Adam Gessaman (Twitter)
You remember the story.
But now the findings of a Navy probe are finally being released.
“The inside story of how an EA-18G Growler jet crew drew a penis across the clear blue skies of Washington state in 2017 has never been told,” the Navy Times wrote on Tuesday. “Until now.”
It was the work of two junior officers with the “Zappers” of Electronic Attack Squadron 130, who had sky time to kill and noticed that the white contrails their jet produced were particularly robust that afternoon.
But they never counted on those contrails lingering long enough for folks on the ground to see their phallic rendering, according to a copy of the military’s sky penis investigation obtained exclusively by Navy Times.
KREM 2, a local TV station, broke the news after a woman snapped pics of the sky drawings on Nov. 16, 2017, near a training area for the squadron, which is based in western Washington at Naval Air Station Whidbey Island.
“A mother who lives in Okanogan who took pictures of the drawings reached out to KREM 2 to complain about the images, saying she was upset she might have to explain to her young children what the drawings were,” the station reported.
And then, with social media, the story exploded.
At the time, the Navy said in a statement: “The Navy holds its aircrew to the highest standards and we find this absolutely unacceptable, of zero training value and we are holding the crew accountable.”
But as the story took wing (ha), “nervous commanders” filed urgent communiques to Navy leadership back in Washington, D.C., “letting them know that this was about to turn into a thing,” The Times wrote. “Within hours of the phallic rendering, the squadron sent an alert to higher ups in an ‘official information dispatch’ that reached the Office of the Chief of Naval Operations.”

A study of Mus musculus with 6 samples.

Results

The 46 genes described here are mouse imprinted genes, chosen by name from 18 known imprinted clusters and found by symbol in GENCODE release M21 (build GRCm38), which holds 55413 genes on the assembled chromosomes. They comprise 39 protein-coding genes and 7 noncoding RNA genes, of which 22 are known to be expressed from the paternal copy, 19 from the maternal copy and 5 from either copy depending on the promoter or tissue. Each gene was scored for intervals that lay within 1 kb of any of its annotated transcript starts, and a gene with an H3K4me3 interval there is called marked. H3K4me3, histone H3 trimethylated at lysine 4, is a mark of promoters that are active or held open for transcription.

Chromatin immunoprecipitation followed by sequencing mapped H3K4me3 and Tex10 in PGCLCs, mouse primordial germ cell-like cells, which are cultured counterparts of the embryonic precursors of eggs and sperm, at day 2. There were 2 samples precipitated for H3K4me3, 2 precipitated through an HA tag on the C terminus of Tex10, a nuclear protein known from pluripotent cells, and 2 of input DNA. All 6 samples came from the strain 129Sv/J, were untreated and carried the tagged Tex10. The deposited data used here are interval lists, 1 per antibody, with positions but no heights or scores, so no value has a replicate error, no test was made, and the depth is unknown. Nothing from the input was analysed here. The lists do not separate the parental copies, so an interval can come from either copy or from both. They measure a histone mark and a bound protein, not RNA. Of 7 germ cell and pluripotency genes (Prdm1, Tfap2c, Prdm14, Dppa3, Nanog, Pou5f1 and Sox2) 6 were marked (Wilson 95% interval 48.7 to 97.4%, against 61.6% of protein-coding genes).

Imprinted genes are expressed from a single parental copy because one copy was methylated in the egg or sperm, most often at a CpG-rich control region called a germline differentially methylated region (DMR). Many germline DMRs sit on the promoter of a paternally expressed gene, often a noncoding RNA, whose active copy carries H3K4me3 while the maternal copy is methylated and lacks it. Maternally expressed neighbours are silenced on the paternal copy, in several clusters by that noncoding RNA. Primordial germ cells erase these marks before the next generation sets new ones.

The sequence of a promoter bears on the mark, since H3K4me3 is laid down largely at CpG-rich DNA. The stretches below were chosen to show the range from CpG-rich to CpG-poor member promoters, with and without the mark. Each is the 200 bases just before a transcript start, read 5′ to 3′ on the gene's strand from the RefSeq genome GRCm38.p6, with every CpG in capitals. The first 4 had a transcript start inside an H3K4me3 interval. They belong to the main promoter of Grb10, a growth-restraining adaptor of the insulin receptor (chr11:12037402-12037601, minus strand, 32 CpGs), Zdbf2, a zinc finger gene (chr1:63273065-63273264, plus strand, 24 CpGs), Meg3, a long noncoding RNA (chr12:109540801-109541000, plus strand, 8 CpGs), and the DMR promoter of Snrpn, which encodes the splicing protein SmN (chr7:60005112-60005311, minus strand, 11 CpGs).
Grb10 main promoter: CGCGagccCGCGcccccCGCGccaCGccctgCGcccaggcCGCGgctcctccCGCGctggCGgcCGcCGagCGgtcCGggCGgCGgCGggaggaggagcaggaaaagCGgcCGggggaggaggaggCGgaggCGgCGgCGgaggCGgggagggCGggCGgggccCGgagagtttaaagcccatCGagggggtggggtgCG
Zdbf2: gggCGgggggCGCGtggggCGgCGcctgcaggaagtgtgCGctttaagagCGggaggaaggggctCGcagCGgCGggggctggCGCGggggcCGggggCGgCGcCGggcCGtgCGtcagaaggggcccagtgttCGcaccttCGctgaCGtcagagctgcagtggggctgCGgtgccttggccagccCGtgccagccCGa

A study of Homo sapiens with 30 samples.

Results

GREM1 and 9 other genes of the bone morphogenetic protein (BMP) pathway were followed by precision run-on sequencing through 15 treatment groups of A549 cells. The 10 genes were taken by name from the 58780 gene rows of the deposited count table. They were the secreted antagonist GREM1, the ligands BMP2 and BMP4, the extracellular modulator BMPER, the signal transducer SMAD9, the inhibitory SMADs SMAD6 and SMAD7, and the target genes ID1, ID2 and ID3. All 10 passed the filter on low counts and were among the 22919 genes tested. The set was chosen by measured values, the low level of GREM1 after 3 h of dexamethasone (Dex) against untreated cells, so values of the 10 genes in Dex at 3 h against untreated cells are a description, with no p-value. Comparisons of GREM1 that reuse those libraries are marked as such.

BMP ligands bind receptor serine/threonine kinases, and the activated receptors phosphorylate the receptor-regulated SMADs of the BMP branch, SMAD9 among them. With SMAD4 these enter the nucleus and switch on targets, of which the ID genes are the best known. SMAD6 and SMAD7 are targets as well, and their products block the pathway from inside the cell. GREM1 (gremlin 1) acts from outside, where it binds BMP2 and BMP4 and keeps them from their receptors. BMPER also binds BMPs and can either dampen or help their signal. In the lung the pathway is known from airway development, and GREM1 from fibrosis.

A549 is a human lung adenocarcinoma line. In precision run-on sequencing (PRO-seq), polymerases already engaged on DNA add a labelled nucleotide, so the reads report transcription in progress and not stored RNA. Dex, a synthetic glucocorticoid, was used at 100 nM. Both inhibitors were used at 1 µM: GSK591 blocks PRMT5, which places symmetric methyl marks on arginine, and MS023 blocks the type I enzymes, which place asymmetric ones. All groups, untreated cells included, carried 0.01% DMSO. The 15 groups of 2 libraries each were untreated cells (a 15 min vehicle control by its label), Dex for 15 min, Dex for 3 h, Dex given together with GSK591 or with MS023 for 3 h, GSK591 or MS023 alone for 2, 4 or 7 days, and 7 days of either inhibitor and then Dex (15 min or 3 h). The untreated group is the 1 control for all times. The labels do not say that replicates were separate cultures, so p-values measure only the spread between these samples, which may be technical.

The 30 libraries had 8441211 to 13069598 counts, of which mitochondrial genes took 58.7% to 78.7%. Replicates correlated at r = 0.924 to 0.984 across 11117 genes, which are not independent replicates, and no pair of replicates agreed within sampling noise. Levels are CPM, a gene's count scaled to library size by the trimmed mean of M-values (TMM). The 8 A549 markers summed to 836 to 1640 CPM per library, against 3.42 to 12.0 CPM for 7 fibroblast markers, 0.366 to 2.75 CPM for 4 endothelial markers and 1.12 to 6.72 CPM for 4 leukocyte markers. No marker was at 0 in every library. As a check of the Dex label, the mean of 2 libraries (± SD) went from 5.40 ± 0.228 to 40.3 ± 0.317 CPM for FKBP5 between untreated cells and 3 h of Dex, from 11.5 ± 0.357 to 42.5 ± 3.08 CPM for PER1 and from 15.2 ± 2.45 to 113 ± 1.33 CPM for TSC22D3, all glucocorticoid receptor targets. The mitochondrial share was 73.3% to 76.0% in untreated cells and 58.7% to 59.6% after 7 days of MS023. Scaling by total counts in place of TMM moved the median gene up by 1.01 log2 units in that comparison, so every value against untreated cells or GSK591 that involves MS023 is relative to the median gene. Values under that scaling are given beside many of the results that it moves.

“Aircrew maneuvered an EA-18G aircraft in a pattern that resulted in contrails depicting an obscene symbol when viewed from the ground,” it warned. “Media attention is expected.”
The Times had this fantastic recounting of how the drawing came about.
The EWO broached it first, according to the investigation.
“My initial reaction was no, bad,” the pilot wrote in a statement after the incident. “But for some reason still unknown to me, I eventually decided to do it.”
Their sky penis plan of attack was captured on their cockpit video recording system, a transcript of which is included in the investigation.
“Draw a giant penis,” the EWO said. “That would be awesome.”
“What did you do on your flight?” the pilot joked. “Oh, we turned dinosaurs into sky penises.”
“You should totally try to draw a penis,” the EWO advised.
“I could definitely draw one, that would be easy,” the pilot boasted. “I could basically draw a figure eight and turn around and come back. I’m gonna go down, grab some speed and hopefully get out of the contrail layer so they’re not connected to each other.”
They theorized on the second-order effects of their nascent sky drawing.
“Dude, that would be so funny,” the pilot said. “Airliner’s coming back on their way into Seattle, just this big (expletive)ing, giant penis. We could almost draw a vein in the middle of it too.”
And then, this exchange:
“Balls are going to be a little lopsided,” the pilot advised.
“Balls are complete,” he reported moments later. “I just gotta navigate a little bit over here for the shaft.”
“Which way is the shaft going?” the EWO asked.
“The shaft will go to the left,” the pilot answered.
“It’s gonna be a wide shaft,” the EWO noted.
“I don’t wanna make it just like 3 balls,” the pilot said.
“Let’s do it,” the EWO said. “Oh, the head of that penis is going to be thick.”
But shortly after the pilot finished the drawing, the lieutenants were shocked that the contrails didn’t just blow away, instead lingering in the sky. “Soon after, I realized the extent of our actions,” the pilot reportedly wrote later. “That the contrails were remaining longer than predicted.”
Then the pilot tried to erase the sky sketch. “I flew one pass over it essentially trying to scribble it out with my contrails. That pass was ineffective,” he reportedly wrote.
After they landed, the lieutenants were contacted by their commanding officer. “They both apologized and were at once remorseful,” the commanding officer wrote in a report, according to the Times.
“Even so, it has caused the United States Navy severe embarrassment in the public arena and jeopardizes the strategic narrative that underpins the justification of the flight hour program,” the investigator wrote. “Additionally, the absence of relevant, effective, professional training highlighted by the sophomoric sky drawing indicates a potential waste and misuse of government resources.”